This is part 11 of 13 Gmail hacks for teachers.
I’ll be the first one to tell you my memory is terrible, especially with interactions during the day. Of course at the moment I believe I’ll remember it, but a day later and it’s already gone. This is my reason for setting up a journal with Gmail.
Why use Gmail for journalling?
I was evaluating ways to document tasks completed at work. My criteria was that it had to be highly automated, and that I could easily add to it from any device. Gmail fits this criteria. I can automatically filter some emails and also send emails.
Create a label for the Journal
First step is to create a label for all your messages that will consist of your journal. On the left side by your labels, mouse over the labels and scroll to the bottom of the list.
You may have to click More to see the link to create a new label. Click it and create a Journal label.
Set up a filter
Now we are going to set up a filter. But how will we be able to filter messages automatically to the Journal label? Through the magic of +aliases in email addresses. Go to Settings in Gmail and click on Filters.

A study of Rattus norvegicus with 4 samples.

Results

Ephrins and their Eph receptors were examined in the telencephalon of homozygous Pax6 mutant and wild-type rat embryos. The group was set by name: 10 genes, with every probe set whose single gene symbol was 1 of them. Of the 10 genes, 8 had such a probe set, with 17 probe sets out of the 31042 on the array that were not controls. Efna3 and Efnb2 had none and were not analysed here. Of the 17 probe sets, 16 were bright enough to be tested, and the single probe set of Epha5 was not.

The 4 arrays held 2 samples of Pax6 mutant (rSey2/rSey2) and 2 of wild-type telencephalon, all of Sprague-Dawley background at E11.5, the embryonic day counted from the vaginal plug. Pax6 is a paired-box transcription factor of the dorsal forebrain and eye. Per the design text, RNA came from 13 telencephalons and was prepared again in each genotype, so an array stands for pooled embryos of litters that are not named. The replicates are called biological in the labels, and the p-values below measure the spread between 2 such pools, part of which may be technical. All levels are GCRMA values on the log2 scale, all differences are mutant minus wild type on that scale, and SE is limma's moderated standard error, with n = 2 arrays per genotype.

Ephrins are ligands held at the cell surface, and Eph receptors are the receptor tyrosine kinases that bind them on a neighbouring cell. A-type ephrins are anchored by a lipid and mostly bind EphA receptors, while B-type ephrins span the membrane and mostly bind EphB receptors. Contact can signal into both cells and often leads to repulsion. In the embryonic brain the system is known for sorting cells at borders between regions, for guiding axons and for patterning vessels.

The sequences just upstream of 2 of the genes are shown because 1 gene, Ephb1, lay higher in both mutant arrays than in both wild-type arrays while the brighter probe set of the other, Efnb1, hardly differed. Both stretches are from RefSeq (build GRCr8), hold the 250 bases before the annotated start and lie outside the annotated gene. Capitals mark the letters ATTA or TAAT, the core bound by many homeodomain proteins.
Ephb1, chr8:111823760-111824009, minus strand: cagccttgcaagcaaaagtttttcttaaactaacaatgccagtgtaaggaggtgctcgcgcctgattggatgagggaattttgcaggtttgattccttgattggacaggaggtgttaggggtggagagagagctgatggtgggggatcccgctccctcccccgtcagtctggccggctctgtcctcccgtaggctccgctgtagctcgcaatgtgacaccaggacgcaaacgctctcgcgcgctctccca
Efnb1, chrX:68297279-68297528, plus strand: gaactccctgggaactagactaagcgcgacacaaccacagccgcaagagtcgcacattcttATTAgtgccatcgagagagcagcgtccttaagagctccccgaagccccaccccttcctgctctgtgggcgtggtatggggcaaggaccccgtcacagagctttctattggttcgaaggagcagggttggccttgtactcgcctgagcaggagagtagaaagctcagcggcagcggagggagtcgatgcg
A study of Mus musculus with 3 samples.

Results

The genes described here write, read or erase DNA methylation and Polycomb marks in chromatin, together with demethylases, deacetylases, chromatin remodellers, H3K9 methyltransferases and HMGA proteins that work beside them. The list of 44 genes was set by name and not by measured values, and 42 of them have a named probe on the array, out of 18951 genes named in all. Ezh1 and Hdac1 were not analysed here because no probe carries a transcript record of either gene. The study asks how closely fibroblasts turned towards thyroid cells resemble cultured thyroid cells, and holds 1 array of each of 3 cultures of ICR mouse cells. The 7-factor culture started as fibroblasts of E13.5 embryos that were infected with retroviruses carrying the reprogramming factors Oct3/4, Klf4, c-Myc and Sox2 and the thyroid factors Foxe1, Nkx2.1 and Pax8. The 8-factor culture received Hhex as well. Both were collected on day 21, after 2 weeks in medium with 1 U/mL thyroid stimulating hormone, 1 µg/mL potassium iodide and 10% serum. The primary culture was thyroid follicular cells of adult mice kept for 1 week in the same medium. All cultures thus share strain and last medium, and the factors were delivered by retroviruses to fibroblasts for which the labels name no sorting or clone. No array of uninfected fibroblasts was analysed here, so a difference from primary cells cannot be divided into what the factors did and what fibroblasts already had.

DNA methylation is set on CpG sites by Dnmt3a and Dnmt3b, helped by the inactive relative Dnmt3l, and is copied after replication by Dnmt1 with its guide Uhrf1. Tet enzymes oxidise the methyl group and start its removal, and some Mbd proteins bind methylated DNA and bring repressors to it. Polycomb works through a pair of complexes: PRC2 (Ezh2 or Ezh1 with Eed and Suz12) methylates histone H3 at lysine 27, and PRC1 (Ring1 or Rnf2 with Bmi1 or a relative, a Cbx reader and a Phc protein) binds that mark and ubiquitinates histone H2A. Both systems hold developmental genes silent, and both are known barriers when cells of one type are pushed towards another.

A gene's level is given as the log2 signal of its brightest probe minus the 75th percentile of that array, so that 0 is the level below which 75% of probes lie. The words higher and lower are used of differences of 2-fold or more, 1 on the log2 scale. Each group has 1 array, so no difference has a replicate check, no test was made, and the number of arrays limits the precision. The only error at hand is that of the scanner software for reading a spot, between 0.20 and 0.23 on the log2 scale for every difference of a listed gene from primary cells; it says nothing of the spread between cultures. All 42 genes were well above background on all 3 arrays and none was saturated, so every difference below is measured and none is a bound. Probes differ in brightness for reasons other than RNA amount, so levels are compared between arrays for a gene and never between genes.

Click on Create a new filter. In the To: field you are going to put your current email address, except you’re going to ad +journal between your username and the @ sign.
So if your email address is [email protected], you’ll search on firstname.lastname@example.org. Click Create filter with this search.
Check Skip Inbox and set the filter to apply the label Journal.
To use your new journalling setup, send email to your journal address, in our example it’s [email protected]. These emails will be automatically labeled with Journal. To view your journal, click on the label. You can also apply all of the searches in Gmail to your journal label with in:journal as one of your search terms. With in:journal, Gmail will only search items in the journal label.